What is it about?

This study explores the effects of voluntary versus enforced implementation on support for COVID-19 policies. Existing literature suggests that enforcement may increase compliance with public health measures, but may also crowd out people’s motivation to comply voluntarily. I use an online survey of nearly 4800 adults in Germany to gauge popular support for various COVID-19 containment policies, implemented on either a voluntary or enforced basis. At least 25% of respondents exhibited control aversion—lower agreement with measures when enforced versus when strongly advised but voluntary—for all policies. Average agreement with a contact tracing app, vaccination, and limiting contacts with other people was lower if these policies were enforced than if they were voluntary. Agreement with mask wearing and travel limitations was similar whether the policies were enforced or voluntary. Control aversion was associated with distrust of the government and was reduced in respondents who had lived under the communist regime of East Germany. The results suggest that enforcement may be effective for easily-enforced measures with low control aversion and/or requiring a high level of compliance, such as mask wearing, travel limitations, and contact restrictions. For contact tracing apps and vaccination, which are difficult to enforce and evoke sizeable control aversion, enforcement might be counter-productive.


This paper makes three contributions. First, it provides insights from Germany on people’s agreement with policy choices that all countries face in addressing the COVID-19 pandemic. My findings point to dimensions relevant for policy makers when deciding between voluntary as opposed to enforced measures. These insights include the essential role of trust in government. Second, the paper contributes to the small but important literature on the intersection of policy design, state capacities, and the interplay of obedience and voluntary compliance. Third, my finding that even 30 y after reunification those who have experienced state coercion in East Germany are less control-averse concerning anti–COVID-19 measures than West Germans contributes to the literature on endogenous preferences and comparative cultural studies.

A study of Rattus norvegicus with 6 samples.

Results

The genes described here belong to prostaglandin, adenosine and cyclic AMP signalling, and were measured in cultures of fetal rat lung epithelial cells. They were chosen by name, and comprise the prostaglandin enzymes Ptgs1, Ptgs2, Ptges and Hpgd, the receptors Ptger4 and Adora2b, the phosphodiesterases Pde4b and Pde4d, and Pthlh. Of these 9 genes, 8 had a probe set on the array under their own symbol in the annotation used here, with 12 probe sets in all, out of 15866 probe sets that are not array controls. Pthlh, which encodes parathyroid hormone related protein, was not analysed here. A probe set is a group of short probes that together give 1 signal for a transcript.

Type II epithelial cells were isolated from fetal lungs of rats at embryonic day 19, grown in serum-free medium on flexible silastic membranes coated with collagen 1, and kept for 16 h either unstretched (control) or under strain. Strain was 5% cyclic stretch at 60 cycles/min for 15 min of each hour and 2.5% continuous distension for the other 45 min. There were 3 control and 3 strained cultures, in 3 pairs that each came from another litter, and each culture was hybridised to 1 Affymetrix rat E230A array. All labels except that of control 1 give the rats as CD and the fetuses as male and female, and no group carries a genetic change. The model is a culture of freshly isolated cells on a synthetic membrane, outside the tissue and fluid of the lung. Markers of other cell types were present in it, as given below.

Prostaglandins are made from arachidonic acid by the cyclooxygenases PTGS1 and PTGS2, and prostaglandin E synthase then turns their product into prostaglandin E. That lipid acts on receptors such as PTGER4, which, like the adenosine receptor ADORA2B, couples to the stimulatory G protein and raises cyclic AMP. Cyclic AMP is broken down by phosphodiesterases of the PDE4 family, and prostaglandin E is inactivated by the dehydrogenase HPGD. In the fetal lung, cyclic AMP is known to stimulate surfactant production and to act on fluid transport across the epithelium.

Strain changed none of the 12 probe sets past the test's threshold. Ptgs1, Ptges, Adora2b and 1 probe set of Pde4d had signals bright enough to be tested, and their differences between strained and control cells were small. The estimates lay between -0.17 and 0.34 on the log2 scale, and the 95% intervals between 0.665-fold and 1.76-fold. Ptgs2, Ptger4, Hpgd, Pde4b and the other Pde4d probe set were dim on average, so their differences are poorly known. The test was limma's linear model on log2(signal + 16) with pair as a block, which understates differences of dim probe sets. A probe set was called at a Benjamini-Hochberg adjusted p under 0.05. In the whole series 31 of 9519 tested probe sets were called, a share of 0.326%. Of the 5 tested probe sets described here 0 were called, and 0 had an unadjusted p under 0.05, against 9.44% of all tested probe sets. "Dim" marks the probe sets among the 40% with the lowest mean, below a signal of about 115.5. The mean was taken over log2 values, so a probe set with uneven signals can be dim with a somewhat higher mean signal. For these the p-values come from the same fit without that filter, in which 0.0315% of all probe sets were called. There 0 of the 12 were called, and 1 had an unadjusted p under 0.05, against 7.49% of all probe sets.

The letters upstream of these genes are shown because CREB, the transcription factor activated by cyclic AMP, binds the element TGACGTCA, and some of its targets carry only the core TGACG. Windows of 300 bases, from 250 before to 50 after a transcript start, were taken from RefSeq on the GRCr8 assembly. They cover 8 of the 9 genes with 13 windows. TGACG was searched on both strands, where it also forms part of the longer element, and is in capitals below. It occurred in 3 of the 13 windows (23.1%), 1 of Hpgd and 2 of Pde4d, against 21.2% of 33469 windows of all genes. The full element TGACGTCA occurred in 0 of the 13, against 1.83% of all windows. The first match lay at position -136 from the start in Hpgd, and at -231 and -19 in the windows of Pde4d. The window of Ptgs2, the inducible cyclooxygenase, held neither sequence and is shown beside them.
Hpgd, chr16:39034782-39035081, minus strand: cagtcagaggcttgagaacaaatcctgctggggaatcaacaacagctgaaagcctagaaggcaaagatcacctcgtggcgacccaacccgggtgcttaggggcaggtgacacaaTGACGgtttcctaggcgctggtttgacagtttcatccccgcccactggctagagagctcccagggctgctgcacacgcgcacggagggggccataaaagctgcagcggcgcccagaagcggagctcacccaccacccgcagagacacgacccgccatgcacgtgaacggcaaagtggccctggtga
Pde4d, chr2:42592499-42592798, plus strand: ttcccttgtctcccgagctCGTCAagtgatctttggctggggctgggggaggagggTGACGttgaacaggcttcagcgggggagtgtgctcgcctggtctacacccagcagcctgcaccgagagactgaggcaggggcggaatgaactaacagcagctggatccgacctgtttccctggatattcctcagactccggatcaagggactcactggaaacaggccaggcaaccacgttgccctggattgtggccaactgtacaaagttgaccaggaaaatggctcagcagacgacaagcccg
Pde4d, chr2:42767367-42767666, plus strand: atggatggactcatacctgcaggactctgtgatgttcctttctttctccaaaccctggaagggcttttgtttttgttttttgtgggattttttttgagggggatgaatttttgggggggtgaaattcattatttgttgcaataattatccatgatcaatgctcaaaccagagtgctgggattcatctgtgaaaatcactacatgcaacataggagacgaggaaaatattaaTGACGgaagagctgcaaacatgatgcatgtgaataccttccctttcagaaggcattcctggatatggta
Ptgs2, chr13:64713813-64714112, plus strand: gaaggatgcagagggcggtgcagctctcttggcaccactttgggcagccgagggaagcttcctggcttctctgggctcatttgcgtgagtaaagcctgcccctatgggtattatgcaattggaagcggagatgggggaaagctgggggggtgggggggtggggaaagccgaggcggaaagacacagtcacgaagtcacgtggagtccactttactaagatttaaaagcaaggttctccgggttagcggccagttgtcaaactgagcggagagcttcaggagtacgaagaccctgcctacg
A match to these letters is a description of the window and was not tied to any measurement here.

What touched me most when analyzing the data for this paper is that people who experienced the coercive East German regime three and more decades ago are less averse to enforced anti–COVID-19 measures today.

Katrin Schmelz
Universitat Konstanz

Read the Original

This page is a summary of: Enforcement may crowd out voluntary support for COVID-19 policies, especially where trust in government is weak and in a liberal society, Proceedings of the National Academy of Sciences, December 2020, Proceedings of the National Academy of Sciences, DOI: 10.1073/pnas.2016385118.